A checkpoint on the border between Egypt and Israel was overrun by militants on Sunday, raising concerns about border security in Egypt and threatening Cairo's increasingly tenuous partnership with Tel Aviv.
The militants, who are suspected to be Islamists, killed 16 soldiers when they stormed the checkpoint. They then stole two vehicles and crashed through a security fence, entering Israeli territory. The Associated Press reports that the offensive ended when Israeli airstrikes targeted the vehicles, killing at least eight of the militants.
This is one of the worst incidents of Sinai Peninsula violence in years, and it threatens Cairo's increasingly tenuous partnership with Tel Aviv.
At first glance, the Sinai may seem like an odd nexus for such a major conflict. This connector of continents is isolated and sparsely populated. It is mostly desert and does not boast much in the way of resources -- its main contribution to the Egyptian economy comes from the tourist resorts that line the southern coast, along the Red Sea.
But despite its relative isolation, the Sinai plays a huge role in one of the overarching conflicts of the twentieth century: the Arab-Israeli conflict.
The discord began in 1948, immediately following the establishment of the state of Israel. It began as territorial battle, centered on the displacement of Palestinians. But over the years, the various military clashes between Israel and its neighbors have become part of a single narrative; Israeli and Western initiatives in the Middle East are often seen as threats to Arab sovereignty, and vice-versa.
The year 1978 was a turning point. That's when Egyptian President Anwar Sadat and Israeli Prime Minister Menachem Begin attended a series of hushed meetings on U.S. soil, working to establish a plan for peace. They eventually signed the Camp David Accords, under the auspices of U.S. President Jimmy Carter. In return for agreeing to recognize the state of Israel and normalize relations, Egypt gained the Sinai Peninsula, which Israel had occupied during the Six-Day War of 1967.
The Sinai thereby became a symbol -- either of successful negotiation or of capitulation, depending on your point of view --and it remains a keystone of the uneasy peace agreement between Israel and Egypt.
To the West, the Camp David Accords were seen as a monumental achievement. Sadat and Begin both won the 1978 Nobel Peace Prize, and Egypt became an important ally to the West.
But some Arabs cried foul, arguing that Sadat had surrendered to U.S. and Israeli demands. Egypt was temporarily suspended from the Arab League, and Sadat himself was assassinated by Islamist radicals in 1981. He was succeeded by Hosni Mubarak, who upheld his predecessor's policy of cooperation with the West.
The overthrow of Mubarak was therefore a monumental event not only for Egyptians, but for any global powers interested in maintaining partnerships in the Middle East. The recent ascension of an Islamist candidate -- Muslim Brotherhood member Mohamed Mursi -- to Egypt's top post raises questions as to whether Egypt will maintain its alliance with Israel and the United States.
The soft-spoken Mursi has adopted a moderate tone, vaguely promising to uphold international treaties and protect the rights of non-Muslims in Egypt. But he has also strengthened his country's ties to Hamas, a Palestinian group that is considered a terrorist organization by the United States. Its members control the Gaza Strip, and its militants have launched attacks against the state of Israel.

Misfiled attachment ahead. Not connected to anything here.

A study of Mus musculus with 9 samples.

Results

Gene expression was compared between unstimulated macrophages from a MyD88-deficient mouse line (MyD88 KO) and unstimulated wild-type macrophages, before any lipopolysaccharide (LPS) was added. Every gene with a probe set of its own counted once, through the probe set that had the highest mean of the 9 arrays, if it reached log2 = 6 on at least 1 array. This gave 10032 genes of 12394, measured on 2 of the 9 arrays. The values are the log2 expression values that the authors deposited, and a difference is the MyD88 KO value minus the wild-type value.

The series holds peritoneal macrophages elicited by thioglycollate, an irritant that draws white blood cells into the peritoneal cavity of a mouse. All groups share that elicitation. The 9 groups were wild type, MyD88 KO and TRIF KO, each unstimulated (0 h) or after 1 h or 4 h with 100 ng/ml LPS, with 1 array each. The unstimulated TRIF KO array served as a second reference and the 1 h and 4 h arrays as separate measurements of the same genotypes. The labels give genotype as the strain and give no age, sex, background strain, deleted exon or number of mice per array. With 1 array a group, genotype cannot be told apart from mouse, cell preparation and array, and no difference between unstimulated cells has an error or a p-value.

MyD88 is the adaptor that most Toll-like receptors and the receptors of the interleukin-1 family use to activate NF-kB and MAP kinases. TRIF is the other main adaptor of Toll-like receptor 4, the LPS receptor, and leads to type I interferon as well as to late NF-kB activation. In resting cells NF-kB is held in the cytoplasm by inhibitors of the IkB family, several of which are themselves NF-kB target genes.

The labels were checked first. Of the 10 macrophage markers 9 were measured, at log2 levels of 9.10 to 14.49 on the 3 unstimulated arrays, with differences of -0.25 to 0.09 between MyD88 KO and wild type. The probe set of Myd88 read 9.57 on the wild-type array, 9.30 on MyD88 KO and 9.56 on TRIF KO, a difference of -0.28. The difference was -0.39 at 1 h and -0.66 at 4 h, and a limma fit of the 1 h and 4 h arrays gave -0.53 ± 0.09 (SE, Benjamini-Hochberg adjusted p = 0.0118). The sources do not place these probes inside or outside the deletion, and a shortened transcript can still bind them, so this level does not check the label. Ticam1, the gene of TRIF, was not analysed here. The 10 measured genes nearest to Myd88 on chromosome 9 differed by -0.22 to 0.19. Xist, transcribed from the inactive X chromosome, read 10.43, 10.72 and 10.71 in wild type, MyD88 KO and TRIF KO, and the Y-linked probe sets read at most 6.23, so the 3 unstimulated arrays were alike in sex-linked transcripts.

In short, Mursi walks a fine line. On the one hand are the Egyptian secularists and Western powers who are accustomed to Egypt's polices of Western alignment; on the other hand are Arab sovereignty advocates and Islamist groups who played a major role in helping Mursi to win Egypt's historical June election.
And caught in the middle of it all is the Sinai Peninsula, home to about 360,000 people. It is the only part of Egypt that shares a border with Israel. And since it is somewhat removed from the Egypt's administrative bodies in Cairo, security there is lax and the potential for increased insurgencies is a major cause for concern.
The Sinai has been relatively stable since it was given back to Egypt in 1979, despite sporadic skirmishes and terrorist attacks there. But in the months following the Egyptian revolution, national security has suffered and insurgency movements in the Sinai have increased, spilling into Israel and raising alarms in Tel Aviv. Israel is currently building a steel fence along the border to prevent the influx of dangerous migrants, which is slated for completion in 2012.
Following Sunday's attack, Israeli Defense Minister Ehud Barak called for the Egyptian government to increase its vigilance in the Sinai.
"We hope this will be a fitting wakeup call for the Egyptians to take things in hand on their side more forcefully," he said on Monday, according to the Associated Press.
Egypt has indeed sent in forces of its own, sweeping the Sinai with helicopter gunships in efforts to capture the militants who were not killed following Sunday's attack.
Mursi addressed the nation in a televised statement in Monday morning. "I have given clear orders to all of our security forces, the armed forces as well as the interior police, to move swiftly in capturing those behind this vicious attack," he said, according to Al Jazeera.
"This incident will not go lightly. The security forces will implement entire control over all of these areas within Sinai and will ensure they are controlling it. Those behind the attacks will pay a high price as well as those who have been co-operating with those attackers, be it those inside or anywhere in Egypt."
Israeli officials hope that Mursi lives up to his word. A deterioration of security in the Sinai could have hugely detrimental effects on the relationship between Israel and Egypt, which would in turn increase tensions between Israel and much of the Arab world.